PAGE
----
Strides in Addressing Chaplain Shortage
Studies have overwhelmingly shown that people with serious illness want spirituality included in their care. But there’s a real shortage of hospice-trained chaplains throughout the national Capital region and the United States.
To help meet this need, Capital Caring in 2007 established a Chaplain Resident
Fellowship Program – the only one of its kind in the DC area to institute chaplain education and training in hospice/palliative care.
Capital Caring partners with Goodwin House, an innovative retirement community that modified its existing Clinical Pastoral Education (CPE) curriculum to include hospice and palliative care components taught by Capital Caring staff.
The program offers accredited training, concentrating on the development of self-awareness, formation of pastoral identity, professional functioning, and the ability to address issues from a clinical and pastoral perspective.
During the one-year residency, the Fellow serves as chaplain at our Halquist Inpatient Center in Arlington, reporting to the center’s Executive Director and supervised by the Director of the Goodwin House CPE program.Capital Caring’s current Resident Fellow, Kyungwon Cho, earned his Master’s Degree in Divinity from Yale University prior to joining Capital Caring. A vital member of the Interdisciplinary Care Team, he sees his job as that of capturing the special concerns – both emotional and spiritual – of patients and families.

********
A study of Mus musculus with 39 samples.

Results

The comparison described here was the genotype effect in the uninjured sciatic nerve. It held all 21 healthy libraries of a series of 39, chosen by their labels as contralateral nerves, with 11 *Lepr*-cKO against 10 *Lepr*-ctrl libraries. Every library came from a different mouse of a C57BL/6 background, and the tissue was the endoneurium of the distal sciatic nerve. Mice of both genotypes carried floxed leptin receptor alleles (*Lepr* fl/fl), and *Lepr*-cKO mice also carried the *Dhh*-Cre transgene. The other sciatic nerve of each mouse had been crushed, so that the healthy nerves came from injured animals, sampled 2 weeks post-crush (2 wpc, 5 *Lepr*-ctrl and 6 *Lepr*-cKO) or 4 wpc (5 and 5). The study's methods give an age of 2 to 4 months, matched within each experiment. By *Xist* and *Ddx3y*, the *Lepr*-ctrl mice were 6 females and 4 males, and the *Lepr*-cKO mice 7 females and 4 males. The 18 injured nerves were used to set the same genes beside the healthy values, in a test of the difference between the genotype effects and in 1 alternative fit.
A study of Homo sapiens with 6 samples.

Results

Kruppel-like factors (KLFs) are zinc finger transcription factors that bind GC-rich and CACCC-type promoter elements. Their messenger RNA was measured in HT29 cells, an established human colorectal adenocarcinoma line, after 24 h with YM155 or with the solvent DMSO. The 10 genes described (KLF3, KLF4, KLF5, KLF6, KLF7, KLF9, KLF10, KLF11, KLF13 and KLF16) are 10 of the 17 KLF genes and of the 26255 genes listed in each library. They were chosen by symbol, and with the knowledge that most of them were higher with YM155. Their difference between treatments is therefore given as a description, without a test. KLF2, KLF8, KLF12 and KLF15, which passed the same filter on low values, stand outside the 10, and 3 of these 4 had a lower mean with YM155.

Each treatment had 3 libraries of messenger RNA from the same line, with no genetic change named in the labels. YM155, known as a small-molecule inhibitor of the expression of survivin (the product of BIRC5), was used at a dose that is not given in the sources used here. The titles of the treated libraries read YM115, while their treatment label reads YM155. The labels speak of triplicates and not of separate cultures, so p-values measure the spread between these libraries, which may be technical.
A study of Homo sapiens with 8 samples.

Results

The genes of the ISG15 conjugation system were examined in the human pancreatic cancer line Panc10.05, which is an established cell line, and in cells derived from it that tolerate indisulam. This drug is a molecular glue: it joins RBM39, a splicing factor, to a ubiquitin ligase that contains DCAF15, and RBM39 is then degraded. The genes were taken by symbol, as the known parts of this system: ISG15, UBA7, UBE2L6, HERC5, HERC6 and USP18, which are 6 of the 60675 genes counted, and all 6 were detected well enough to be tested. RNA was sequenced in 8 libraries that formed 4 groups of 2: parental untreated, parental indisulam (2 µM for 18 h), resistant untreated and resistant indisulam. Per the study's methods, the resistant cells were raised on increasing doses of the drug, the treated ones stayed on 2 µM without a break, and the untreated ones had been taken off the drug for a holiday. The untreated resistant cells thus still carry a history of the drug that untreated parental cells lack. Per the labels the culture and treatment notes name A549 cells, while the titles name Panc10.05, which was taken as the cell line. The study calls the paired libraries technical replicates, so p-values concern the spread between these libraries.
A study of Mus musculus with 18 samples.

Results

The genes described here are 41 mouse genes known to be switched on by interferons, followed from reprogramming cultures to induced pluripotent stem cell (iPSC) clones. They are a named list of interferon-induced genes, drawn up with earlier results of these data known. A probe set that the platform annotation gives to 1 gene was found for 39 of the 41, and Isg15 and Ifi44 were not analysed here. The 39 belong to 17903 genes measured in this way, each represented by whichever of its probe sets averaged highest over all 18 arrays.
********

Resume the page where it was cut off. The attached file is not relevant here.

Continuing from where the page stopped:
For example, Kyung described his interactions with Mrs. N, a 36-year-old patient who was actively dying of cancer – a young mom with three small children. Kyung helped her do a life review, during which she voiced the concerns she had for her children. He suggested that she write to each child. Three notebooks were provided and – with the chaplain’s support and encouragement– Mrs. N expressed in writing her enormous love for her children and her prayers for their futures. The act of writing was a great source of comfort to Mrs. N; and after their mother died, each child had a treasured expression of her devotion.
The chaplain also serves as the link between hospice services, the patient/family, and the patient’s faith leader. And hospice-trained chaplains work with the broader religious community, helping community leaders in the pastoral care of their parishioners, enhancing their understanding of end-of-life care, and conducting education events for pastors and others.
What has Kyung learned on the job? “I’ve found that people don’t talk much about their career or their own accomplishments when they’re approaching the end of life,” he says. “They talk about the important people in their lives – their families, friends, neighbors – people who were near and dear to them. At the end of the day, it’s those relationships and those stories that matter the most.”